Kathy Sheridan: Limited terms for politicians sound appealing but would change little
Sean Canney picked an easy target by suggesting a two term limit for ministers
Shane Ross: Eight years on the county council, nine Seanad terms and counting down his second Dail term but still unprepared for the OCI ticketing scandal. Photograph: Cyril Byrne / THE IRISH TIMES
Isn’t it grand to see the confidence of some of the newbies in the Dáil? In situ just a few months and already Sean Canney, the Independent Alliance TD for Galway East, has concluded that a couple of terms will suffice to achieve everything required of him as an office holder and presumably, every political goal he has mapped out for himself.
After that, Canney says, somebody else should be allowed to “have a go at it and see can they better that or can they bring a fresh approach to things, because everything evolves, including politics”.
He attributes this luminous confidence to his long service as a county councillor; the kind of invaluable experience that allowed him to take on the big boys and girls during government negotiations, he told the Irish Examiner.
“I could see that I knew a lot about things that other men and women in the room didn’t know about, in the sense that I had 12 years of being a councillor behind me. Boxer Moran had 15 years of being a councillor behind him. We were actually more clued in to some things than some people who were there for a long time, who were in Government.”
In truth, Canney was quite amazed to discover how far ahead he was of some Cabinet big beasts; after all, he came away with a 14-month junior ministry job-share with Moran over the OPW and Floods.
Such cockiness from an untested junior minister so early in the game is worrying, but perhaps to be expected. When Lady Luck rushes a fellow from the council chamber into the frantic embrace of a party desperate to make up the numbers, the intricacies of government and law probably look easy-peasy. Just ignore that happy gleam in Sir Humphrey’s eye.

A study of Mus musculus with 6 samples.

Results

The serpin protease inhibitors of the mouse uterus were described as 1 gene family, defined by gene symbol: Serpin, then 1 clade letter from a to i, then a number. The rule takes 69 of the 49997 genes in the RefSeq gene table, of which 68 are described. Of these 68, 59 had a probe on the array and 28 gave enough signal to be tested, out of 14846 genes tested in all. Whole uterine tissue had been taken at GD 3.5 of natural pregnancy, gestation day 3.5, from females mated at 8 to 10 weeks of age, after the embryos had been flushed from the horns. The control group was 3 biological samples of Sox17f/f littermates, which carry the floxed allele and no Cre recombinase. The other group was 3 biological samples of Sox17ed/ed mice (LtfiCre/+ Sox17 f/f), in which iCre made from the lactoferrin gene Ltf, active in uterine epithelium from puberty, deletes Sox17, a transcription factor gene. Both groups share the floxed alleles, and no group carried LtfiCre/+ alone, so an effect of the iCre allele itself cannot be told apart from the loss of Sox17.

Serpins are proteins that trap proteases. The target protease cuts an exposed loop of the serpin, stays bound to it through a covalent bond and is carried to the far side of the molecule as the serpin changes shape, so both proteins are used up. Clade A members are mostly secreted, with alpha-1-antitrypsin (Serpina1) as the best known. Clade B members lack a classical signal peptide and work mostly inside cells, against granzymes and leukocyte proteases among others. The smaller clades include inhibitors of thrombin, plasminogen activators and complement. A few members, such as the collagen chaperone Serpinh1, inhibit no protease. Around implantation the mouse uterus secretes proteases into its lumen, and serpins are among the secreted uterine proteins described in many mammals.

So Canney must be quite baffled at his leader’s predicament in recent weeks. Why, for example, did Shane Ross’s eight years on Wicklow County Council fail to equip him to deal effectively with the OCI ticketing scandal in Rio?
Anyway, after eight years on the county council, nine Seanad terms and counting down his second Dáil term, Ross is headed for the political dustbin in 4½ years max if his Independent Alliance mate gets his way. So is the Anti-Austerity Alliance’s Paul Murphy. Under the Canney rule, Leo Varadkar would already be gone.
Now, what are the chances?
On the face of it, ejecting political dead wood is most attractive. Many constituencies boast an immovable drone who has hung in there for four terms and more. They may rank among the great sorrowful mysteries of our time, but that’s electorates for you. On the other hand, Seán Lemass finally made it to taoiseach after more than 30 years in the Dáil. Even if Canney were speaking only of ministerial terms (a more interesting idea), would he stand over the dismissal of a 37-year-old Lemass?
There are obvious arguments for limited terms, of course. The elected ones would be hungrier and more focused. And after bedding-in, they could let rip in term two, freed from concerns about minding the seat. Limited tenure would also ensure they had to have a “real” life outside politics, so therefore no careerism or Leinster House bubble.
As a bonus, limited tenure also implies minimal opportunity for corruption. You might think. So if you know you must return to “real” life in 10 years – ie acquire a new job to match the old one in pay and status – how would you approach the opportunities provided by the Dáil? With more or less resistance to powerful lobby groups, for example? A glance at just a couple of ministerial records demonstrates that they needed only two terms in the Dáil to fall for that one.
This is not to say that every TD is entitled to a job for life, just that some are risking more than others. It all comes backs to the breadth of the representation we envisage for the Dáil. It also comes back to how we perceive our politicians and, more importantly, those who elect them.
Sean Canney’s attempt to ride the political wave while scorning colleagues with hard-won wisdom and experience makes him one to watch.